SEN. Francis Tolentino has been churning out proposed bills that really make a lot of sense. One that caught my attention was his proposal to assure free graduate education for all teachers, and in addition, provide scholarships for their children. This is a proposal that if approved into law will greatly compensate for the hapless situation that our teachers have found themselves in. It will render the teaching profession an attractive career option.

If there is one thing that Filipinos value, it is the education of their children, and ensuring that the children of teachers will have theirs free, whether it is in public or private schools, and at all levels as long as they qualify for admission, would undoubtedly elevate the status of the teaching profession.

I would even suggest that in addition to this proposal, free hospitalization and medical treatment for teachers, and making the retirement benefits of teachers in government schools at par with the retirement packages of judges and armed personnel would further boost teaching as a profession. After all, enabling the learning of children is as important as protecting them from harm and injustice. Our encounter with armed threats, and our need to run to the courts to seek their interpretation of laws are not a daily matter, but our need for knowledge, which education provides, is a persistent necessity.

Teachers are also the most overburdened despite being underpaid among the classes of professions. Aside from actual classroom teaching, which by itself is already challenging enough, public school teachers are doing teaching-related administrative work. Many end up producing and procuring their own teaching materials. Beyond this, they serve as census-takers and surveyors, election officers, social workers and health workers. Often, they become guest relations officers to visiting dignitaries, entertainers to guests and caterers for athletes during sports meets.

Overburdened but underpaid, many of them end up becoming petty merchants selling things, from underwear, clothing and bags to insurance and life plans. Many end up as prey to loan sharks. And their cohort has a high vulnerability to upper-respiratory infections such as tuberculosis and other stress-related illnesses.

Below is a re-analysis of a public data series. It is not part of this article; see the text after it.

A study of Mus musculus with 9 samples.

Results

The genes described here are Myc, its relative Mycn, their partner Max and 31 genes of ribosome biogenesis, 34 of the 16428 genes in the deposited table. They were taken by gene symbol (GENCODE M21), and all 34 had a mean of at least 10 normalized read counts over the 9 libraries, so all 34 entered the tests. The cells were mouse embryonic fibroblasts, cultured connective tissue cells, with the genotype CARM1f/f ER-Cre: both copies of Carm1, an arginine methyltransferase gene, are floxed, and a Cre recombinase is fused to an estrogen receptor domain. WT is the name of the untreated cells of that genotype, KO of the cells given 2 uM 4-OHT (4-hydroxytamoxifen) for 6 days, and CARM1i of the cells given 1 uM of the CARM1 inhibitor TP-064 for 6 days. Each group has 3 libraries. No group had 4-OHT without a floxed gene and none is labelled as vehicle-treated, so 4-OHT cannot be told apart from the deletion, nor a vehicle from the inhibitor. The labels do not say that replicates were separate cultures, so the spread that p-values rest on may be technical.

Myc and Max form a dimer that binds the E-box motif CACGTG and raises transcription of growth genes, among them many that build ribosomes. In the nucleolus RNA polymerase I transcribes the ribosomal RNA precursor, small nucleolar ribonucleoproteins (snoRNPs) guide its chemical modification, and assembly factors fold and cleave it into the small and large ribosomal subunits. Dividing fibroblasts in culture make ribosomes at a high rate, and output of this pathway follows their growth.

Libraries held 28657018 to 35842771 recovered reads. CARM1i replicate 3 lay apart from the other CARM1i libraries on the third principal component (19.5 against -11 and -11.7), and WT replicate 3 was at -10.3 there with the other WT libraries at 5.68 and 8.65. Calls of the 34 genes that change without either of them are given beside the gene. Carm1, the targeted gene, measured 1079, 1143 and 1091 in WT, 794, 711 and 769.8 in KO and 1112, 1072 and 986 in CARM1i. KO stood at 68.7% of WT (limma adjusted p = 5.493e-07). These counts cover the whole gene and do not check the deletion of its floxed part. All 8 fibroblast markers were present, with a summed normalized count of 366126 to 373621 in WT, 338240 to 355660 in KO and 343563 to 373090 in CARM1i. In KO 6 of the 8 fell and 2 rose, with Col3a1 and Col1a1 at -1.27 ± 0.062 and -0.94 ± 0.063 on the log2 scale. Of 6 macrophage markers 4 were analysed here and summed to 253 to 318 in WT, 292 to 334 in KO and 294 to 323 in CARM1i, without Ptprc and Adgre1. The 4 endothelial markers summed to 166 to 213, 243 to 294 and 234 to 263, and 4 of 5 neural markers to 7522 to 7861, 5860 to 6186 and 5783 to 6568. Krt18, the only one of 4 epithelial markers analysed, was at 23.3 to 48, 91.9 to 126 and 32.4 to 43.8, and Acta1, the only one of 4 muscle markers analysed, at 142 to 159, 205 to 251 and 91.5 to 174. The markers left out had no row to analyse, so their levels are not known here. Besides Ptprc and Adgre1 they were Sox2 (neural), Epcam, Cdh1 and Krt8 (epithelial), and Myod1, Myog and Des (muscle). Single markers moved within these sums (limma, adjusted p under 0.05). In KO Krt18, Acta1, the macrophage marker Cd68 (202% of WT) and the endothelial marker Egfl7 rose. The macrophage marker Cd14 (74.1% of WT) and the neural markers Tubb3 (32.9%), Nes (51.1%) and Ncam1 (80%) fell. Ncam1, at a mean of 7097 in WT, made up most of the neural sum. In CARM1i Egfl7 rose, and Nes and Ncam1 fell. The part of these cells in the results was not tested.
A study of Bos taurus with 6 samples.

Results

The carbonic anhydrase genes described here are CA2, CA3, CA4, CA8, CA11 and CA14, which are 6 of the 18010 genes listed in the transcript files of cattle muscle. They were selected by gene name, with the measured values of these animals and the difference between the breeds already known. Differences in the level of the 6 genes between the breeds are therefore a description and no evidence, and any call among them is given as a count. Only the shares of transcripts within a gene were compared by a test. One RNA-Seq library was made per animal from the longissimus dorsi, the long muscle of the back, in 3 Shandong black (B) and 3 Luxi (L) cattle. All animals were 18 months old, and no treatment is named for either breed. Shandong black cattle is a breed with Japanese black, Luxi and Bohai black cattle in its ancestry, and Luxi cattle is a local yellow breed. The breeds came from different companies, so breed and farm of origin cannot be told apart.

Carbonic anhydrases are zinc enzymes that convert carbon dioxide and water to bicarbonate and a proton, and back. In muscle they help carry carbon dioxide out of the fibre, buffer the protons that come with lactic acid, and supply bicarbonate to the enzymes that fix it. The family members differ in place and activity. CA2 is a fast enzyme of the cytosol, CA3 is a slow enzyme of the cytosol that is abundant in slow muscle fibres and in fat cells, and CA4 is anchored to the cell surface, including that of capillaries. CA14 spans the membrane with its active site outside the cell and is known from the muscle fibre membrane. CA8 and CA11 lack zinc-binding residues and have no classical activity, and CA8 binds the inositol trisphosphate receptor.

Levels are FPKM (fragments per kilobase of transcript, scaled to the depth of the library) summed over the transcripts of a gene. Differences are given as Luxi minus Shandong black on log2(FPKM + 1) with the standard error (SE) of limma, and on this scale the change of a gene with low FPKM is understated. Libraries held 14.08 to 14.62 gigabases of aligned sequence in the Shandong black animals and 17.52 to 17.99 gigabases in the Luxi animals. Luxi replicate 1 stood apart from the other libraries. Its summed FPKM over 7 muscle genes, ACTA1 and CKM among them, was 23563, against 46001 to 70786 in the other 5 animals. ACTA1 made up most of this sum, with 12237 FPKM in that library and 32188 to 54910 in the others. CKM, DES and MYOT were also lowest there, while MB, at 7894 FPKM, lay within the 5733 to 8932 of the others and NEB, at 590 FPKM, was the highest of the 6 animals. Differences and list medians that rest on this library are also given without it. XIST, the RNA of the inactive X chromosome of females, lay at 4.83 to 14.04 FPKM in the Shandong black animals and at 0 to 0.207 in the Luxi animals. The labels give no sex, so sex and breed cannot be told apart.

Congress passed a law that would have rendered as tax-free the allowance teachers get for serving as election workers, but President Ferdinand Marcos Jr. vetoed this because of its alleged distorting effect on our tax system, and that it would be inequitable and unfair to other people from other professions who are performing the same role. Marcos nevertheless committed to providing additional benefits to teachers that will not tinker with the country's tax system. It is hoped that this would include further increasing the salaries of teachers to make them at par with global standards and to pass laws such as the one proposed by Senator Tolentino.

It is also a good move by Education Secretary, Vice President Sara Duterte-Carpio to direct the easing of the load of teachers, to ensure that they are freed from performing administrative work so they can concentrate on actual classroom teaching. Sen. Sherwin Gatchalian talks of uncluttering basic education by just focusing on key learning areas.

The teachers, overburdened and underpaid as they already are, end up being blamed for what ails the educational system. We forget that they themselves are victims of a flawed system and a bureaucracy that is so large it finds difficulty in reforming itself. Curricular reorientation which is badly needed is saddled by too much institutional inertia, aggravated by the appointment of key decision-makers who are resistant to innovative approaches, effectively drowning out those voices proposing reform. Indeed, rank-and-file teachers so used to the traditional ways tend to oppose or resist change. This is why they have to be retrained so that they can learn the new, relearn the updated and unlearn the outdated. Teacher education should also be reformed. These will require not just resources but top education officials who are reform-minded. There is much focus on bringing back mandatory military training in senior high school when the priority should be strengthening the curriculum and the capacity of teachers. We cannot equip teachers to become enablers of learning in the internet age if they do not have internet access, and if the computers we provide them are not just lacking in number but also in capacity despite being excessive in price.

It is amid this backdrop that we watch Social Welfare Secretary Erwin Tulfo paint a bad image of teachers when they are asked to help his agency distribute assistance to those in need. It was quite painful to hear him generalize teachers as a cohort who would prioritize relatives and friends when they dispense benefits. Tulfo's attempt to free teachers of an added burden, and his intent to be sympathetic to teachers who would be wrongly accused, instead turned into a passive-aggressive embodiment of prejudice. It was probably the way he said it, that the sympathy he wanted to express turned into a patronizing kind of insult that painted teachers as prone to petty corruption.